Sunday, September 2, 2018
Margaret Cochran Corbin (1751-1800) from Camp Follower to Wounded Revolutionary War Soldier
Margaret Cochran was born in Western Pennsylvania on November 12, 1751 in what is now Franklin County. Her parents were Robert Cochran, a Scots-Irish immigrant, & his wife, Sarah. In 1756, when Margaret was 5 years old, her parents were attacked by Native Americans. Her father was killed, & her mother was kidnapped, never to be seen again — Margaret & her brother, John, escaped the raid because they were not at home. Margaret lived with an uncle for the rest of her childhood.
In 1772, at the age of 21, Margaret married a Virginia farmer named John Corbin. When the war began, John enlisted in the First Company of Pennsylvania Artillery as an artilleryman, one of the members of a cannon crew. As was common at the time for wives of soldiers, Margaret became a camp follower, accompanying John during his enlistment. She joined many other wives in cooking, washing, & caring for the wounded soldiers. (She acquired the nickname "Molly Pitcher" (as did many other women who served in the war) by bringing water during fighting, both for thirsty soldiers & to cool overheated cannons.)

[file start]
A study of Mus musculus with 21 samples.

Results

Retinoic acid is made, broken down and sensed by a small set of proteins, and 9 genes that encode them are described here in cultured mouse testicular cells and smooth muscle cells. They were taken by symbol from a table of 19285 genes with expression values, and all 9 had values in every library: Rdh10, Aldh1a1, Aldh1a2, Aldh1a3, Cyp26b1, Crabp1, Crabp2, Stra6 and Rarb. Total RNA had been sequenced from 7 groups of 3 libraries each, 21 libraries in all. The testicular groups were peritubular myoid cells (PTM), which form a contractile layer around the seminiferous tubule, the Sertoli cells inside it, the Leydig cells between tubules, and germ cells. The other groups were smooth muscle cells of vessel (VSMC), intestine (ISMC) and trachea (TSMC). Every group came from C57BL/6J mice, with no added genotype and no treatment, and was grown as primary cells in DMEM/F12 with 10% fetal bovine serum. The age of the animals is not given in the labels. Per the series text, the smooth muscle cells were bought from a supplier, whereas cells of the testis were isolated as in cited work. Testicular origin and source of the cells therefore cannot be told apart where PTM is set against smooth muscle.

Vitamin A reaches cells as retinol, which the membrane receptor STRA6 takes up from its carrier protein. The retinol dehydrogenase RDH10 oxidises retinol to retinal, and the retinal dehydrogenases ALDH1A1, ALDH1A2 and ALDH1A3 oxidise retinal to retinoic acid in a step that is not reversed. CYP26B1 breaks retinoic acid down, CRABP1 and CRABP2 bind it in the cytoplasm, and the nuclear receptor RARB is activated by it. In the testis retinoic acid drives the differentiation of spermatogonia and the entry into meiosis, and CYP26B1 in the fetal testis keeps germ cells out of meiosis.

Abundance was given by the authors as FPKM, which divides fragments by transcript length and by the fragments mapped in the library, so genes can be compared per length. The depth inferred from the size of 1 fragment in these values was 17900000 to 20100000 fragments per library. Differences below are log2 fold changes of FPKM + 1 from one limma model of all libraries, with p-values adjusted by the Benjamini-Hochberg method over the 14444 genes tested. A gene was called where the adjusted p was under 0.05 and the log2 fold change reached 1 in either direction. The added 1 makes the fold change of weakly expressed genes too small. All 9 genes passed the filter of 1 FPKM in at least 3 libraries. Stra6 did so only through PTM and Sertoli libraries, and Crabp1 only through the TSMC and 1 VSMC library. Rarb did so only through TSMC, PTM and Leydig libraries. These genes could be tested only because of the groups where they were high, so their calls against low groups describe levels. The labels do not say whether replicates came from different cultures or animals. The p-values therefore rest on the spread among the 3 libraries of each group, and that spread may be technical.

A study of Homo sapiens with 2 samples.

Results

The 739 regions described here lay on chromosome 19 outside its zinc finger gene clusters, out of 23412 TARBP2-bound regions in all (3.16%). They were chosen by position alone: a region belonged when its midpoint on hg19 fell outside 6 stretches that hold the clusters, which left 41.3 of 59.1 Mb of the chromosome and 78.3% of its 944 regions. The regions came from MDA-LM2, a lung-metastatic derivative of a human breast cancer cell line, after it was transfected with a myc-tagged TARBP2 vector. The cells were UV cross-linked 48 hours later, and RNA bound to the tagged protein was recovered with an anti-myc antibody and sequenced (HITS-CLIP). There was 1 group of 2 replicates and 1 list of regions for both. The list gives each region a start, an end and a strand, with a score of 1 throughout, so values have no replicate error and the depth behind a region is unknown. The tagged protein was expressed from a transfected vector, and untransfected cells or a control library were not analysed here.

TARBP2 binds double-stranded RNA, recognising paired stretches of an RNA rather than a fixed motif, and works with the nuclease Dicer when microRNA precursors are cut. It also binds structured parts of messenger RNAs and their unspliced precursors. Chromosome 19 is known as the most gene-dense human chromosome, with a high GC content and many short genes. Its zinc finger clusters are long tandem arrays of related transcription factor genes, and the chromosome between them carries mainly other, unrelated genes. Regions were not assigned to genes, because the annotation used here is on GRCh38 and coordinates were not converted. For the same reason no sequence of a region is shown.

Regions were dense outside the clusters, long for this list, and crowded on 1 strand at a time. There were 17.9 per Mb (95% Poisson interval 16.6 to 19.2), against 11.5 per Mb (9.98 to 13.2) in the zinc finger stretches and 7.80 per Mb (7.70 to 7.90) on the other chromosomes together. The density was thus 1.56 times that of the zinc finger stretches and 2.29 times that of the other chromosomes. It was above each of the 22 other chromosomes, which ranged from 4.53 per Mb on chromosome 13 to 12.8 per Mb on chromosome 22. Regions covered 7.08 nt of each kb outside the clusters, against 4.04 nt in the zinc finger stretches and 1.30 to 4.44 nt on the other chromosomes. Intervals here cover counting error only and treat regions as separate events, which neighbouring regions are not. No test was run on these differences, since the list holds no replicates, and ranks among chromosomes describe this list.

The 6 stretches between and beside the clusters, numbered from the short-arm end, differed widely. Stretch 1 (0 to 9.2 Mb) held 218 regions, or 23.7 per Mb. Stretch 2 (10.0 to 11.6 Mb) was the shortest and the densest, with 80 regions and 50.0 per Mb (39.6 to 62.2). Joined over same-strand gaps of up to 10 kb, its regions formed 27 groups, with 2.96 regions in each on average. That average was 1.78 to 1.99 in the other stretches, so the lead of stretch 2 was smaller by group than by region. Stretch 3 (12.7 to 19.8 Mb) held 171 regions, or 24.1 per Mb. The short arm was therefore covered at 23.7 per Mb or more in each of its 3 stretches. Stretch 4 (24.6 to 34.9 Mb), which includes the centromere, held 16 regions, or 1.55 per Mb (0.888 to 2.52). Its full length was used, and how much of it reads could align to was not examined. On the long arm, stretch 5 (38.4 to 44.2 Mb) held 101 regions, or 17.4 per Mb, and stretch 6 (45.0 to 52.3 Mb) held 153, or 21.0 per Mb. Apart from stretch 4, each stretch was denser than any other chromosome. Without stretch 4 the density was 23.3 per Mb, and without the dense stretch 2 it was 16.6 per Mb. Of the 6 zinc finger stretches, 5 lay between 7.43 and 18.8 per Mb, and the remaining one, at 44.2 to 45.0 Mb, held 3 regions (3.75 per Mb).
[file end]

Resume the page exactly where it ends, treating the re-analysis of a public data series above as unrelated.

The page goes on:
On November 16, 1776, Fort Washington, where John's company was part of the garrison left behind when General George Washington retreated with the Continental Army to White Plains, New York, was attacked by the British. John Corbin was in charge of firing a small cannon at the top of a ridge, today known as Fort Tryon Park. During an assault by the Hessians, John was killed, leaving his cannon unmanned. Margaret had been with her husband on the battlefield the entire time, & after witnessing his death, she took his place at the cannon, continuing to fire until her arm, chest, & jaw were hit by enemy fire. The British ultimately won the Battle of Fort Washington, resulting in the surrender of Margaret & her comrades & the taking of the last American position in New York City. As the equivalent of a wounded soldier, Margaret was released by the British on parole.
After the battle, Margaret went to Philadelphia, completely disabled from her wound, & never fully healed. Life was difficult for her because of her injury, & in 1779 she received aid from the government. On June 29, the Executive Council of Pennsylvania granted her $30 to cover her present needs, & passed her case on to Congress’s Board of War. On July 6, 1779, the Board, sympathetic to Margaret’s injuries & impressed with her service & bravery, granted her half the monthly pay of a soldier in the Continental Army & a new set of clothes or its equivalent in cash. With this act, Congress made Margaret one of the first women in the United States to receive a military pension from Congress. Corbin received financial support from the government after the war. She died in Highland Falls, New York, on January 16, 1800, at the age of 48.